Looking over the Lexus LC 500 that broke cover at the Detroit Auto Show, you might be thinking, “Wow, that’s a stunning concept. Really striking design language. Lexus certainly isn’t dull anymore. Great concept.” And you’d be mostly right, except for one thing: The LC 500 is actually a production-ready car.
Sunday night, Buick stunned the auto world with the Avista concept — a gorgeous grand touring coupe with a 400-horsepower twin-turbo V6 beating heart. What made the Buick stand out even more is that the “low end” GT market has been essentially non-existent in the sub-$200,000 space. With Lexus joining the fray, the message seems to be that large luxury coupes are back with real sales aspirations — not just as auto show jewelry.
The LC 500 is, to say the least, extreme. There’s nothing modest on this car. You’d expect that on a concept, but in production spec, Lexus is putting the final nail in the coffin for its soft and bland reputation. At a time when Mercedes-Benz, BMW, and even Cadillac are playing it excessively safe with their design language, Lexus is making a firm statement. And you know what? It’s changed the conversation. The brand gets a lot of flak for its gaping grille and excessive use of angles, but people are talking about Lexus. The LC 500 isn’t going to blend into a crowd.
The car is powered by the 467-horsepower, 5.0-liter V8 that’s found in the upcoming GS-F and RC-F. “The engine in the LC 500 uses a dual intake inlet that help improve breathing and allow the engine to produce its fantastic sound,” Lexus said.
GT cars are typically defined by their comfort on long-distance trips, but Lexus made sure the LC 500 could hold its own if the owner “accidentally” finds themselves at a track meet too. “We spent more than triple the usual amount of R&D time to pursue linear steering and to find the sweet spot for road contact feel. We also focused our efforts on suspension rigidity and enhancing geometry. Thanks to advancements in product engineering, we are now at a world-class level for suspension rigidity, and performance when lateral g’s are applied,” Chief Engineer Koji Sato said. Lexus promises zero to 60 in under 4.5 seconds.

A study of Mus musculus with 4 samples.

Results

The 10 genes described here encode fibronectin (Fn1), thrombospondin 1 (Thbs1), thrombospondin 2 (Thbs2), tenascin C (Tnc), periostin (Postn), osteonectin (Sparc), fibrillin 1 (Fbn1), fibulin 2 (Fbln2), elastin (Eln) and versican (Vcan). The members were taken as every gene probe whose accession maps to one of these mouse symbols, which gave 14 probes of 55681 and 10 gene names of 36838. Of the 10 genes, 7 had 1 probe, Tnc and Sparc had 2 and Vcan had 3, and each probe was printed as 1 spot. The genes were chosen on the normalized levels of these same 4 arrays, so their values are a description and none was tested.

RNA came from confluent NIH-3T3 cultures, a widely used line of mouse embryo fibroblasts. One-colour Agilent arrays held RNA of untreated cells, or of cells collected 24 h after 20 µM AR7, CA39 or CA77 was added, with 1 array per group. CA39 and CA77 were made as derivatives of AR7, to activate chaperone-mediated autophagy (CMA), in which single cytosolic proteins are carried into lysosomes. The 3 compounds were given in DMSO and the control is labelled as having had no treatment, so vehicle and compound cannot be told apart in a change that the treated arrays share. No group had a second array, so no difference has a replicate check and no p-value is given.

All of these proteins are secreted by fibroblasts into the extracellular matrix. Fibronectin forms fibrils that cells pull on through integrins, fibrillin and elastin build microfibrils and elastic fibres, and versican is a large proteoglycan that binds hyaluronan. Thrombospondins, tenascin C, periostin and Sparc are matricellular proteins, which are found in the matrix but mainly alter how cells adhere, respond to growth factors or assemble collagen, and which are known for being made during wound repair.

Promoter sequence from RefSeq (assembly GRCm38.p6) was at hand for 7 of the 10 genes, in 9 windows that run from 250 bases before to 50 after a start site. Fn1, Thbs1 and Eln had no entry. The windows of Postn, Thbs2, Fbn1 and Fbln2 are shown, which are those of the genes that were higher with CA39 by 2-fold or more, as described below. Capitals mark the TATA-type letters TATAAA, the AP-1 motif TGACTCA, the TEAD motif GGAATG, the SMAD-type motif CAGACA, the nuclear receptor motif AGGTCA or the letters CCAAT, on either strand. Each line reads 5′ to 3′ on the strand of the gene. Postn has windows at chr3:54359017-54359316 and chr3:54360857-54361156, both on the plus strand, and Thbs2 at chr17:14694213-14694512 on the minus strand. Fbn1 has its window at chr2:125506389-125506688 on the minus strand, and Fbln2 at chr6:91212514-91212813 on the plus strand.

Inside, the interior is wrapped almost entirely in leather. It’s driver-centric, going so far as to ensure that “the driver’s hip point was engineered to be as close as possible to the vehicle’s Cg (Center of gravity) where feedback from the car is the most communicative to the driver,” the company said. In true GT fashion, it appears that it won’t be a bad place to spend a few hours at a time.
The downside is likely its price: At a hair under $100,000, the LC 500 won’t exchange hands for cheap; it’ll certainly out-price the Buick, if the Avista ever finds its way to production. However, you do get a front-engined, rear-wheel drive luxury coupe that you won’t lose in a parking lot. And owing to Lexus’s commitment to reliability, chances are you won’t find yourself in the same position that Doug DeMuro did with a certain unnamed grand tourer of British origin.
Lexus did something that’s increasingly rare these days: It delivered on a concept, and in a big way. Production cars, anchored by safety and fuel economy considerations, rarely capture the high-flying imagination that’s present in the concept. Lexus just showed everyone that it is, in fact, possible.
You might not like what Lexus is saying, but at least it’s saying something. Had it taken after the SC 430 and gone with your business-as-usual “safe” styling, we’d be talking about how Lexus doesn’t design exciting cars anymore.
Like classics? It’s always Throwback Thursday somewhere.